Wednesday, February 27, 2013

Process Wednesday: "bearding"

A recent Organic Process Research and Development paper comments on the capabilities of the Lasentec focused beam reflectance measurement (FBRM) tool and how it is used in crystallization processes of pharmaceutical compounsd. It mentions the problem of "bearding", which is a crystallization term that I was not aware of. Adlington et al. [1] define it as such:
"The following campaign saw the appearnce of a rim of solid at the solvent level knows as a beard."
They reference another OPRD paper from 2006 [2], which talks about a beard, and how it was affecting the purity of their crystallization by forming the incorrect polymorph:

The apparent reduction in MSZW was traced to fouling of the reactor wall (“bearding”) by AG035029. This spontaneously nucleated “beard” was Form A (Ostwald’s rule of stages), and the spurious contamination of the batch by this material resulted in bulk crystallization of Form A. The beard fouled the batch in one of two ways: by seeding the batch prior to the intentional Form B seeding as shown in Figure 11a or by overriding the Form B seeding. This latter case was observed by FBRM as a secondary seeded nucleation event (Figure 12).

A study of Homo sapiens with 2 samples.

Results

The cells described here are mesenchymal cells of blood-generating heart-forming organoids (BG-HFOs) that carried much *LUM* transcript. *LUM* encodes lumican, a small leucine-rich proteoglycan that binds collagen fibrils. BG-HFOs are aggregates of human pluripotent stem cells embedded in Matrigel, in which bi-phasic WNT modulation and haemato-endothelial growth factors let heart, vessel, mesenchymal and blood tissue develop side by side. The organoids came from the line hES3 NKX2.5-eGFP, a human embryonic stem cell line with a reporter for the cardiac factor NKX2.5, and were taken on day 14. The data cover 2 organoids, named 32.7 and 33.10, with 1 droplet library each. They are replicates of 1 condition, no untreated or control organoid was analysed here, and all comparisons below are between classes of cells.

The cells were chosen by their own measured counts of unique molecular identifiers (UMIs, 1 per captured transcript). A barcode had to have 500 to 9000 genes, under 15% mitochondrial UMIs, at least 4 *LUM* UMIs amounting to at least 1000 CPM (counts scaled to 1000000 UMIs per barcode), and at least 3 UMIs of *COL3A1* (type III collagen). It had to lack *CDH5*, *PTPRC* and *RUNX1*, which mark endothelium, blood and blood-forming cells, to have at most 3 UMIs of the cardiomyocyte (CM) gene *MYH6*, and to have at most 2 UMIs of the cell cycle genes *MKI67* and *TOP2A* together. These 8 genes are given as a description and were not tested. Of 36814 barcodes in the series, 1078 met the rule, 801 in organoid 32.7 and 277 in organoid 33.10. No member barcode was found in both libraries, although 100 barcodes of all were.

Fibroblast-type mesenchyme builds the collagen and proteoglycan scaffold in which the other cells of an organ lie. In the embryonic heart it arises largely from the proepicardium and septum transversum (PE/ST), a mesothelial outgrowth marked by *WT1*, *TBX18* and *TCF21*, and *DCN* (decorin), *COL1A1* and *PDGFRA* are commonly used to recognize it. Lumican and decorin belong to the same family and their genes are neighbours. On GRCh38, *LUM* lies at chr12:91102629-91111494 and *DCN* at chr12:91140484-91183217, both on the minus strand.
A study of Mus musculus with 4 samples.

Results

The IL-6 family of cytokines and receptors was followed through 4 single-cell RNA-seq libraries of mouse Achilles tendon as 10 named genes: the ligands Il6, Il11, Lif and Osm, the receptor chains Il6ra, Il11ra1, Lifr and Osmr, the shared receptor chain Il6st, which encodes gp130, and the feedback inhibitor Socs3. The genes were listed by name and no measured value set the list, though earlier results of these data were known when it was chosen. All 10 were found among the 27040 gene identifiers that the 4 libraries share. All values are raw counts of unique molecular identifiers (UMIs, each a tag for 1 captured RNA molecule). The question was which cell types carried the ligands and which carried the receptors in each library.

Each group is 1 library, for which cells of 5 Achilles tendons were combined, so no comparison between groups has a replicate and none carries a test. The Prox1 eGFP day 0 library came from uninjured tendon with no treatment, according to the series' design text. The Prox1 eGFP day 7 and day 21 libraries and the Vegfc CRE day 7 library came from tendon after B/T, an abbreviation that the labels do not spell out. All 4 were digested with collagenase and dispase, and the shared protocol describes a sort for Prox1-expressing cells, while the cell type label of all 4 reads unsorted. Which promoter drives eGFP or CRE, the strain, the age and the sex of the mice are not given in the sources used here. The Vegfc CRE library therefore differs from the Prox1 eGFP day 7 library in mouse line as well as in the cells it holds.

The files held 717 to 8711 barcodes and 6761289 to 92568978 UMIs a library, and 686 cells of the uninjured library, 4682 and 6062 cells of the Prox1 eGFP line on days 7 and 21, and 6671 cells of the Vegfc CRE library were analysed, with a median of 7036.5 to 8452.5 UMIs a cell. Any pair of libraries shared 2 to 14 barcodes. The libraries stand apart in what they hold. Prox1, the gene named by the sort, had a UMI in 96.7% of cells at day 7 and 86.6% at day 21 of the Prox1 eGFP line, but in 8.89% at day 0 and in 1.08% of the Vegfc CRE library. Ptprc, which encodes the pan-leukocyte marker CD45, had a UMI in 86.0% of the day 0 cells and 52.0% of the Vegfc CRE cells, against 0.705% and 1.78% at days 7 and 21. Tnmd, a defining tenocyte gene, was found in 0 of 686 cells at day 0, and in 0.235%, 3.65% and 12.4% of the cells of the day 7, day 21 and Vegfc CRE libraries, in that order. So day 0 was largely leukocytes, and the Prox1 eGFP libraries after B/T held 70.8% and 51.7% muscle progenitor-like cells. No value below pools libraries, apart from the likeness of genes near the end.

The fouling of the glass wall stems from strong adhesive forces between the glass surface and AG035029. While adhesion of material to a glass surface can be attributed to several factors including surface roughness and contact angle, hydrogen bonding, or van der Waals interactions, the most likely candidate in this case was thought to be hydrogen bonding, as the chemical structure is rich in this component. To overcome the adhesion between the carboxylic acid and the hydrophilic glass surface, a high-boiling solvent was required that could provide an alternate source of hydrogen bonding, such as a longer-chain alcohol. The former requirement would ensure the liquid composition at the meniscus would be rich in the alcohol component and essentially trap the API in the solvent mixture.  
Figure 13 shows snapshots of the reactor wall with and without the addition of n-butanol. In the top row, the fouling progresses until the entire surface above the liquid is covered in Form A that spontaneously nucleated whereas in the bottom row, the area above the level of the liquid is clear throughout the entire experiment. Accordingly, 9 vol % of n-butanol was added to the reaction mixture, and this successfully eliminated the bearding effect.
I wasn't aware that this phenomenon had a name, but I've sure seen it a lot!

1. Adlington, N.K.; Black, S.N.; Adshead, D.L. Org. Process Res. Dev., ASAP DOI: 10.1021/op300326b
2. Kline, B.J.; Saenz, J.; Stankovic, N.; Mitchell, M.B. Org. Process Res. Dev. 2006, 10, 203-211. 

1 comment:

  1. This is how you crystallise compounds, you shake the dust from your beard into the flask/reactor (gmp dust it must be said) and bingo off it goes and crystallises.